Sunderland 2 Newcastle United 1: Mark Douglas' match analysis

Sunderland fans were last night celebrating the Black Cats' win over local rivals Newcastle United at the Stadium of Light

Stu Forster/Getty Images Sunderland player Fabio Borini (c) celebrates his winning goal in their match against Newcastle United at the Stadium of Light on October 27, 2013
Sunderland player Fabio Borini (c) celebrates his winning goal in their match against Newcastle United at the Stadium of Light on October 27, 2013

The storm of St Jude is due to descend on the North East today, but it will be the winds of change that are exercising the minds of Wear-Tyne football fans this morning.

A fixture that has the power to bend seasons went the way of Gus Poyet and Sunderland, who can draw on the transformative power of this result to re-energise a campaign that was in danger of curdling into a corrosive conclusion.

For Alan Pardew and Newcastle, a fierce reckoning awaits. They may no longer welcome questions from the local press thanks to a ban imposed last week, but the inquest will be long and hard for a manager who has now presided over the first back-to-back derby defeats since 1967.

This is an unhappy club that needs results to prevent rebellion, and Wear-Tyne woe plants them right on to the back foot.

 

The Newcastle boss contended that his team were “robbed” but that was not an accurate summary of the contest. His squad might have been shorn of three first-choice centre-backs but he still arrived on Wearside armed with enough attacking options to give the visitors the justified status of favourites. But they failed to show and Pardew had failed to arrange them into a system that replicated the fine display of last week’s energetic draw with Liverpool: that is a damning indictment of both the squad and the manager.

Quite what Mike Ashley’s next move is we just don’t know. The squad that has been assembled on his watch continues to be perilously inconsistent under this manager, but such is his unpredictability and petulance, presuming a rational response would be giving him too much credit.

The results of a summer transfer strategy which was always insufficient were there in the back four, where poor Paul Dummett was asked to make his Premier League debut at the centre of defence.

By contrast, Poyet’s strategy played off to perfection and the consequences could be momentous. Sunderland were fired up from the off, sensing an opportunity to impose themselves on the game and taking it within five minutes when Adam Johnson’s chipped cross was nodded home by Steven Fletcher.

It was the perfect start for Poyet, who had taken definitive action following their South Wales slump. Carlos Cuellar and Jack Colback were recalled to give Sunderland a robust air of experience, while Andrea Dossena and Jozy Altidore were picked to give them the incessant industry that had been missing in last week’s second half. They proved inspired calls from the Uruguayan. Sunderland pressed relentlessly
from the off, unsettling Newcastle’s marquee men and allowing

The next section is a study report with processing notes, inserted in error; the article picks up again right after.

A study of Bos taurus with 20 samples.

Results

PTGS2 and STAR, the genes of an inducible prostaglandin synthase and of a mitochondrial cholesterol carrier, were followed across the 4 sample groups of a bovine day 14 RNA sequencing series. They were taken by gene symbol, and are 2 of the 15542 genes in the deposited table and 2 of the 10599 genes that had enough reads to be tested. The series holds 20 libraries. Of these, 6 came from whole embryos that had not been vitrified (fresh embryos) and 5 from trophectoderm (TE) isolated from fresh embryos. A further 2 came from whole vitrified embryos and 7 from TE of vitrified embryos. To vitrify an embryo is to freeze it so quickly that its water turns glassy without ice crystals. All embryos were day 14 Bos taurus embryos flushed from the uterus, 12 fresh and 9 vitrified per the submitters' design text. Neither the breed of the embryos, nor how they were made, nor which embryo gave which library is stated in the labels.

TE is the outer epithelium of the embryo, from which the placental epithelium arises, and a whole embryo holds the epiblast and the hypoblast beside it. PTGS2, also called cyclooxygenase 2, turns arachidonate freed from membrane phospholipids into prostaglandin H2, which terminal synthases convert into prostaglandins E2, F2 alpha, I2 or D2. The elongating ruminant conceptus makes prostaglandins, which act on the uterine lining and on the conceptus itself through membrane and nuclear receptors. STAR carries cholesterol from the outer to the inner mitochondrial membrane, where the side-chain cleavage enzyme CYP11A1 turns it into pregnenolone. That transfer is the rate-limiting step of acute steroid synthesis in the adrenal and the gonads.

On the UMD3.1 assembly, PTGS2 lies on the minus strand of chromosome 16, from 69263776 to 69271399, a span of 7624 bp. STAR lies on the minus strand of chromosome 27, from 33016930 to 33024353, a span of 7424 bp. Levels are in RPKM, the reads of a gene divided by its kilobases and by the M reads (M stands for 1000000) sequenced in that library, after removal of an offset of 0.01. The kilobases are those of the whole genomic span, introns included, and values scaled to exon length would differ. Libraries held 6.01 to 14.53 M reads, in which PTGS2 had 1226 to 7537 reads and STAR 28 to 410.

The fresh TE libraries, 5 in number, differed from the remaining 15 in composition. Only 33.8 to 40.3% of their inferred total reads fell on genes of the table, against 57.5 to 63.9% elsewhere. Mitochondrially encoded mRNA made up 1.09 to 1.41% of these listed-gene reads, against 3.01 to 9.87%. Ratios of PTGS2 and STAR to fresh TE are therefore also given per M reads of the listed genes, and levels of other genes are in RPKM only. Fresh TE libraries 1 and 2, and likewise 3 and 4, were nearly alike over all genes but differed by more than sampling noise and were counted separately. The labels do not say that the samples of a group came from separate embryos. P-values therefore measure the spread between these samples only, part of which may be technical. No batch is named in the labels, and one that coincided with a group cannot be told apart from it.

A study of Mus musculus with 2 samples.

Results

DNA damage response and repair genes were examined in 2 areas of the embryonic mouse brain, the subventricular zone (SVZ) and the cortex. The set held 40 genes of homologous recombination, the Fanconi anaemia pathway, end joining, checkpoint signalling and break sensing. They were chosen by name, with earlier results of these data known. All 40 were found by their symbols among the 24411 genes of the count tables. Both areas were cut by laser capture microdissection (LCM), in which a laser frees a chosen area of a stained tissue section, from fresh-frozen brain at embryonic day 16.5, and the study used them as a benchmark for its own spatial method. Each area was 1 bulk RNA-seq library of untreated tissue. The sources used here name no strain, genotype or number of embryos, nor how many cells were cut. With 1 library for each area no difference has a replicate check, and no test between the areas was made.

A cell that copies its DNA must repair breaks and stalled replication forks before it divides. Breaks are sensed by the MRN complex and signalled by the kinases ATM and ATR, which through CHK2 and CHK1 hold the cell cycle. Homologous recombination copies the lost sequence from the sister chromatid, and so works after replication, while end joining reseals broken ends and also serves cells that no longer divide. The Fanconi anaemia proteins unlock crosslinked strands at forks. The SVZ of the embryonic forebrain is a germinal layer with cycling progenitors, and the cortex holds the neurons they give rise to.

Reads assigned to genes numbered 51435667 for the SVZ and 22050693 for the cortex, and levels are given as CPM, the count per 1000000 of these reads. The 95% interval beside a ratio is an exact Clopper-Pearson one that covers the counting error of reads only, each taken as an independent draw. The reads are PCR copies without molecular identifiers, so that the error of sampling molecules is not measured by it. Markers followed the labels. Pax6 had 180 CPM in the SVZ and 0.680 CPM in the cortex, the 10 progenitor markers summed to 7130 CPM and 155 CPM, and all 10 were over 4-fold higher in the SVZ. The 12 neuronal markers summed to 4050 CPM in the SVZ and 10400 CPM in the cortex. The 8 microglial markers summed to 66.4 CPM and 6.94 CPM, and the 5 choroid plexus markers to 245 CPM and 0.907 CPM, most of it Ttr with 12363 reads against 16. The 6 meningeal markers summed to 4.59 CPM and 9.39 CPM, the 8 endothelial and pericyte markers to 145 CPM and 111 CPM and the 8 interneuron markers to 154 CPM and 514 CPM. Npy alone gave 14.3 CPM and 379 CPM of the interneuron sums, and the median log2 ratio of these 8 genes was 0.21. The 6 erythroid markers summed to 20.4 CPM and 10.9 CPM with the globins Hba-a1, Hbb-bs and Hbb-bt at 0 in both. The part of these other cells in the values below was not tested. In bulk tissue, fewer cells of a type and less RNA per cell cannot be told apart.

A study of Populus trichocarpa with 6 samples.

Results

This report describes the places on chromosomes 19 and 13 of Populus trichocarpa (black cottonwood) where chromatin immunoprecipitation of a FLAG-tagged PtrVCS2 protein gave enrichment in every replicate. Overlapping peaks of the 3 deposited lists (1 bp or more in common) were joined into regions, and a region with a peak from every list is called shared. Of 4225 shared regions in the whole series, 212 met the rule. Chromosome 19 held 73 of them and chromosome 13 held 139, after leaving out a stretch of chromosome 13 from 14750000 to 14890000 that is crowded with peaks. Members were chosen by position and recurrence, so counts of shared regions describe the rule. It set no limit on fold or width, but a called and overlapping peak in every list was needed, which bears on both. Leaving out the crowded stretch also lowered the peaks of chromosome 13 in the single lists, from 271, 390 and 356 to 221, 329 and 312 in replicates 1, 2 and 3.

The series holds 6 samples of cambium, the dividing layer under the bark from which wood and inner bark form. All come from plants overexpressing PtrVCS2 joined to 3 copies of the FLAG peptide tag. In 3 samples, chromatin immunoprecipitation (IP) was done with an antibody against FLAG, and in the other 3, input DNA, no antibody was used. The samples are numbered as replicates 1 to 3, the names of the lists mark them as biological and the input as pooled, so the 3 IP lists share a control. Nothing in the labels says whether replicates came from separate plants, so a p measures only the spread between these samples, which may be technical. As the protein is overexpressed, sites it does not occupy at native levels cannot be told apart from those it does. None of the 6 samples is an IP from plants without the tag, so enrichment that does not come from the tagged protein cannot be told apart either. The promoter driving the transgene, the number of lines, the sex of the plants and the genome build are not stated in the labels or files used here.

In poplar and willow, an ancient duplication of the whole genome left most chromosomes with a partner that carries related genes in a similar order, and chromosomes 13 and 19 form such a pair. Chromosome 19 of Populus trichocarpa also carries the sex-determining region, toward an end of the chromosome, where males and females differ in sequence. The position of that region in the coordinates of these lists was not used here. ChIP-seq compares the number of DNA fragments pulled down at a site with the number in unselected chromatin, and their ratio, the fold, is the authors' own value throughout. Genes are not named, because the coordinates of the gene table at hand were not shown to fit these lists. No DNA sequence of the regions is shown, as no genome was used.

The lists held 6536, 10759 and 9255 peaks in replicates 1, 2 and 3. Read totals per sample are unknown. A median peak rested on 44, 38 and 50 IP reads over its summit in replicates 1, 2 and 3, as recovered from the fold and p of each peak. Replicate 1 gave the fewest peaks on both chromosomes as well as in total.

Lee Cattermole the run of the midfield.

Colback was what he always is: neat, tidy and a picture of industry and invention. Quite why anyone would ever consider dropping one of the most consistent Black Cats is beyond this correspondent. Sunderland’s tempo decreased steadily but Newcastle could not gain a foothold on the game.

Hatem Ben Arfa was wasteful and woeful moving forward, while
Yohan Cabaye was off the pace. He whacked Colback and picked
up a yellow card just before the break.

The real question was how Sunderland would respond in adversity, and when Mathieu Debuchy stabbed home from close range the fear was they would collapse. Instead Poyet brought Ki on and Fabio Borini scored a wonderful goal to hand Sunderland the derby honours.

For Pardew, this was a desperate, desperate afternoon. Having summoned a fine response to the shambolic first half at Everton, he has now seen all of the momentum gathered over the last fortnight dissolve over another woeful
hour and a half of derby-day competition.

Pardew claimed afterwards that his team were “robbed”, but if there was any banditry going on at the Stadium of Light it was hard to discern.

It was correct that Newcastle enjoyed the lion’s share of possession in the second half, but Poyet was the smarter manager, sending on Ki to replace Lee Cattermole to slow Sunderland’s furious pace and alter the momentum of the game.

The Newcastle manager and his players had no answer to that, just as Pardew did not offer a response to questions from The Journal and the Chronicle in the post-match press conference.

The club has decided to ban ncjMedia newspapers “indefinitely” after taking issue with the Chronicle’s coverage of the Time4Change
march before the Liverpool game, and a club official jumped in
before the manager could respond to this correspondent’s question
about the manner of Newcastle’s display.

If only it were so easy to control the narrative.

The questions will come loud and clear for United in the next seven days, whether Pardew and the club like it or not.